In the last month at the studio I've met a lot of you, I've learned a lot of names, and taught a lot of classes. I was asked to write a blog post introducing myself, but most of you have read my bio and I assume you know that I love to dance. I figured I'd share some things you don't know about me (yet).
My parents tricked me in to dance class.
I struggled for a long time to find my "thing", after trying every sport sport offered in my tiny town (and failing miserably), my best friend told me about her dance class. To be honest, I wasn't interested. I was a shy kid, not thrilled about having to perform at the year-end recital. My parents made me a deal, if I took class I didn't have to perform at the recital. We shook on it, and years later I realized they knew they were lying to me, those sneaky parents! A year came and went and and at age 10 I rocked two sequin leos with fringe skirts, one for jazz, one for tap. Two months later I auditioned for the competition team, and that was just the beginning.
I traveled daily to the town next door for my dance classes and the more I danced the more my parents encouraged me to seek the next level of training. I fought them for years, I wasn't ready to leave my teachers and my friends; in hindsight I wish I had done it sooner. At the age of 15 I finally began taking weekly ballet classes at a big studio 35 minutes out of town. I was immediately recruited as an understudy for the pre-professional company in residence, and within a year transitioned my whole life to this new place. When I was 16 I was gifted an old Honda CRV, not as a birthday present, this was so I could drive myself to the studio daily (parents were off the hook!). In my final two years of high school I spent an average of 30 hours per week in class and rehearsal. I danced for two pre-professional companies (ballet, contemporary) amongst students who are now commercial dancers in LA, professional ballerinas, Rockettes and fellow teachers.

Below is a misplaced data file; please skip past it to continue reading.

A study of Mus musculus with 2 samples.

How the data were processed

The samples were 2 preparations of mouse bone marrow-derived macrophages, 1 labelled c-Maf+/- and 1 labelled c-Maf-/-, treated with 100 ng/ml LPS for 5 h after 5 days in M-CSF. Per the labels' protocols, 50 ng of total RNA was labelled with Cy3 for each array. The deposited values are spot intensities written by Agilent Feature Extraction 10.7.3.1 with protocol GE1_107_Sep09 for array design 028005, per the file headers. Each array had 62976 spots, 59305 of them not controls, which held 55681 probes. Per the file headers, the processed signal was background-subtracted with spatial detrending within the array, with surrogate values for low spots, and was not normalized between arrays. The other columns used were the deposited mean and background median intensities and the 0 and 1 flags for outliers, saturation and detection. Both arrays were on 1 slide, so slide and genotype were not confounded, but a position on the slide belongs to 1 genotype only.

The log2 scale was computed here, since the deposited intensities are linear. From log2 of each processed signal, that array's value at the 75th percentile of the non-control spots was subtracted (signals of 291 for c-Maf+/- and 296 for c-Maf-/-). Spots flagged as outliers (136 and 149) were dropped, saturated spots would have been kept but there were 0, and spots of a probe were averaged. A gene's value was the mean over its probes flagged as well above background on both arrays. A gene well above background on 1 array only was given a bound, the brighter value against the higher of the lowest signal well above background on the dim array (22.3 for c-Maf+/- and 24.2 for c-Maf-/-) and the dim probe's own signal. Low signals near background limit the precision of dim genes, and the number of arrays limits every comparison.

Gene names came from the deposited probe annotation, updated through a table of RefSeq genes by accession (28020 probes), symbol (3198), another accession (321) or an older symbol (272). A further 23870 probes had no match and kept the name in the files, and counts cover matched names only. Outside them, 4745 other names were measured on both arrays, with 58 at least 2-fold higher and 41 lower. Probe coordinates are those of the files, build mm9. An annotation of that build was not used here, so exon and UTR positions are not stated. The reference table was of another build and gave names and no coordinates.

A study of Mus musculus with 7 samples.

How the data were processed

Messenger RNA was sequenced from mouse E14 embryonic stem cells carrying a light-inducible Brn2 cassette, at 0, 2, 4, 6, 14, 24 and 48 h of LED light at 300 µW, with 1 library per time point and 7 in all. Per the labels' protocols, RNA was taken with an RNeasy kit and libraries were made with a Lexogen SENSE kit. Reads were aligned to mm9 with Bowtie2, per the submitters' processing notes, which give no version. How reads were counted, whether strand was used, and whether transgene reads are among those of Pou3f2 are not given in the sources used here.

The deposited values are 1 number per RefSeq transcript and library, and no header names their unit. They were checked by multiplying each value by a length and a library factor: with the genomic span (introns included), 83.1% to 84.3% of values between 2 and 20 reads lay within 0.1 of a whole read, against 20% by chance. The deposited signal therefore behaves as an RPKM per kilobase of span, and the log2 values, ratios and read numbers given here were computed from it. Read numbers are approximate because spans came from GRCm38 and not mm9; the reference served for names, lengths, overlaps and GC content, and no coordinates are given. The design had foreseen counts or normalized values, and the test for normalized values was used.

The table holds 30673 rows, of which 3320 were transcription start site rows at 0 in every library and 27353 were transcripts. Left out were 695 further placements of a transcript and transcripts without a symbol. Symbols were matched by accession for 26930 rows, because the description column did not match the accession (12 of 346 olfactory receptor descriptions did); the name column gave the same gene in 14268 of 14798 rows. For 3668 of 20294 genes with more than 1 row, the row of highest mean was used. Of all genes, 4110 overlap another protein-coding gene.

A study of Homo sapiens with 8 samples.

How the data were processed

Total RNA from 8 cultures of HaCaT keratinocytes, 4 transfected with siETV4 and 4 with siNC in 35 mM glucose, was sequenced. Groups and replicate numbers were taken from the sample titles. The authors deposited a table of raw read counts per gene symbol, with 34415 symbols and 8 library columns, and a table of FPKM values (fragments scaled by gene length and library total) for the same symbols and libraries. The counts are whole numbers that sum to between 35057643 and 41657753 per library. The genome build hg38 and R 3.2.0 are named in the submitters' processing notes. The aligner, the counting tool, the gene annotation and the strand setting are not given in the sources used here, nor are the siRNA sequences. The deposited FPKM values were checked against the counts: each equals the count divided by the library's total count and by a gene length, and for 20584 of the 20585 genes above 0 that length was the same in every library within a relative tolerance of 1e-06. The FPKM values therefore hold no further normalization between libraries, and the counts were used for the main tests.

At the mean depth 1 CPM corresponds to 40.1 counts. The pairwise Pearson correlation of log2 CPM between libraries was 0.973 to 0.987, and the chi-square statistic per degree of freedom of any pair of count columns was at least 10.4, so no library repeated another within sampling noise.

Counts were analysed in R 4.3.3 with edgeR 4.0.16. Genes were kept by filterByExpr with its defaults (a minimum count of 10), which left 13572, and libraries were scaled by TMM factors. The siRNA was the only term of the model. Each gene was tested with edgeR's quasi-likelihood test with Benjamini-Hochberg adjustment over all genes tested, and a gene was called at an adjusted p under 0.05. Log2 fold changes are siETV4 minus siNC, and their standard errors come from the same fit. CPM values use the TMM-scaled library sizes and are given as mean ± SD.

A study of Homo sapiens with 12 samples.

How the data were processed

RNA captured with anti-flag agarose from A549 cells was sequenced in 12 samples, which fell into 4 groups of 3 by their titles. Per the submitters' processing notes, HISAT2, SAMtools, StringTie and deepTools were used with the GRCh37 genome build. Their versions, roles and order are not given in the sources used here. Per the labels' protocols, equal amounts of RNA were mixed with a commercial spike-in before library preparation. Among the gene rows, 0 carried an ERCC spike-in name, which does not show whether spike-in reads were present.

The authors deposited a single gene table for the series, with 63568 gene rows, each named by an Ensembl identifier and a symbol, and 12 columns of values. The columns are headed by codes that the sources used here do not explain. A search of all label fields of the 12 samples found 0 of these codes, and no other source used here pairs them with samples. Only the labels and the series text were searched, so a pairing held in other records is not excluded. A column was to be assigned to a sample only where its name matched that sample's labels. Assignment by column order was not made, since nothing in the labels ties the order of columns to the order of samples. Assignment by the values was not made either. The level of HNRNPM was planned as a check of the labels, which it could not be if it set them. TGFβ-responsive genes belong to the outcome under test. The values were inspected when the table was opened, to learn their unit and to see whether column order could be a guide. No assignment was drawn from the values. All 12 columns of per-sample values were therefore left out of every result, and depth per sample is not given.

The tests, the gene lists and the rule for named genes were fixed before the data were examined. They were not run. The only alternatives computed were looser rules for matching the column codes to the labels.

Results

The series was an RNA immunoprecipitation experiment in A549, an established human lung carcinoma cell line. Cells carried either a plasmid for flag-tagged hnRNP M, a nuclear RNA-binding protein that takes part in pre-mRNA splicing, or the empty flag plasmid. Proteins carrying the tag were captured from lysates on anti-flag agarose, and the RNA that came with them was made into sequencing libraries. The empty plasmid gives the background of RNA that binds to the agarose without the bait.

I moved to San Diego in 2008 to attend Point Loma Nazarene University. PLNU checked all of my boxes, except one: dance. It was a tough transition, but in the end I'm so thankful for a place that challenged my passion. It took me a year or so to figure out the dance community in my new city, but many doors were opened and since then, I have been fortunate enough to do some really awesome things (see bio).
I was recently asked about my favorite achievement in dance. It took a few weeks to realize that I'm most proud of being able to fly solo and work for what I want. I jump in to classes without knowing who will be there or what to expect. I worked extra jobs to pay for my dance training. I stand up for myself to the people who don't believe in me. My adventures and willingness to do what it takes has lead me down some really cool paths including commercials, paid gigs, an international performance tour, professional photo shoots and teaching jobs. And now, here at DAA, I'm doing exactly what I am made to do!
My advice to dancers: take every opportunity you come upon. Don't be afraid to go alone, don't let finances discourage you, and don't stop fighting for your passion. People in this industry can be cruel, but if you strive every day to reach your goals, you'll always end up where you're supposed to be.